An obsession with food, water, exercise, weight loss, and weight gain is the outward symptom of an eating disorder, but it’s not the real problem. People often assume that if an anorexic or bulimic could only dispense with the food obsession, the disorder would be cured. Nothing could be further from the truth. In actuality, the typical eating disorder has its roots in a crisis of self-identity and self-acceptance.
Generally speaking, the person with an eating disorder is unhappy with himself physically, mentally, or spiritually. The hyperfocus on food is part of a quest for personal definition. This definition may have something to do with physical appearance: usually it’s a desire to be as thin as possible. But in most cases the person with an eating disorder is suffering from a distorted body image.
The need for control is another important factor behind many eating disorders. In some cases a child can develop this need in response to a domineering, perfectionistic parent with high expectations. This child tries to restrict food intake or manage her body weight so she can control at least one thing in her life. In other instances the situation is exactly the opposite: a negligent or overly permissive parent may leave a child with a deep sense of insecurity. So the child tries to compensate by keeping her eating habits under tight control.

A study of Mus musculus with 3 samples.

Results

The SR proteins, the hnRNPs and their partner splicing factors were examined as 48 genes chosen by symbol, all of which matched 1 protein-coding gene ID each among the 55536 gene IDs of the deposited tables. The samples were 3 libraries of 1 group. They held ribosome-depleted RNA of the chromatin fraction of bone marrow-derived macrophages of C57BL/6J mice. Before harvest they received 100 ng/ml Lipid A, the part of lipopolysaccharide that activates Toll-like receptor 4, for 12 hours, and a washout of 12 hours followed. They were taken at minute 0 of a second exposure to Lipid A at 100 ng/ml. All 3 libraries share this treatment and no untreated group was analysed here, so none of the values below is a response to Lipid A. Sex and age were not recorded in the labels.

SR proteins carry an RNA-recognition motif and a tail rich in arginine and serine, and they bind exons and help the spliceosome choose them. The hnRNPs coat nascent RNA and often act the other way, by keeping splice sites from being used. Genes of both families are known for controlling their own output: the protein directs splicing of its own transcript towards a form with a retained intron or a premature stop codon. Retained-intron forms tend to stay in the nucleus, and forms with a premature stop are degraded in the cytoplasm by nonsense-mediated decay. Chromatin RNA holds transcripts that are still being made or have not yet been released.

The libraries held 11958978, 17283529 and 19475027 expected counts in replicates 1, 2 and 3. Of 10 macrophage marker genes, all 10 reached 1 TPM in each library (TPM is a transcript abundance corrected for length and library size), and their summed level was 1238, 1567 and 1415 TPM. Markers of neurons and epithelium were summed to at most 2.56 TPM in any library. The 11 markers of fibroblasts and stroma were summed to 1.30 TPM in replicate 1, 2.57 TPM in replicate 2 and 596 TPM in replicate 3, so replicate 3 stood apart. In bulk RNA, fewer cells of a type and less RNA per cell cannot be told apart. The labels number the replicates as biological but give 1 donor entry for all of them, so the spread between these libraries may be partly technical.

Characteristics of People with Eating Disorders
- A diminished sense of self; poor body image
- People-pleasing; no personal boundaries
- A tendency to hide (bulimia, bingeing, purging)
- All-or-nothing thinking
- Controlling behavior
Differences between Girls and Boys
It’s commonly assumed that eating disorders are primarily a female issue. This isn’t the case. Though the underlying causes may be different, the condition now affects males in growing numbers. In girls the motivation is often connected with a perception of self-worth based on cultural definitions of beauty. Boys may be driven by a desire to increase muscle mass, enhance athletic performance or stay in shape.
In both cases the subject is likely to be a high achiever or a perfectionist who desperately wants to fit in and be accepted by the larger social group. They may appear to be outgoing, extroverted, and friendly on the outside but struggle with emotional disconnectedness on the inside.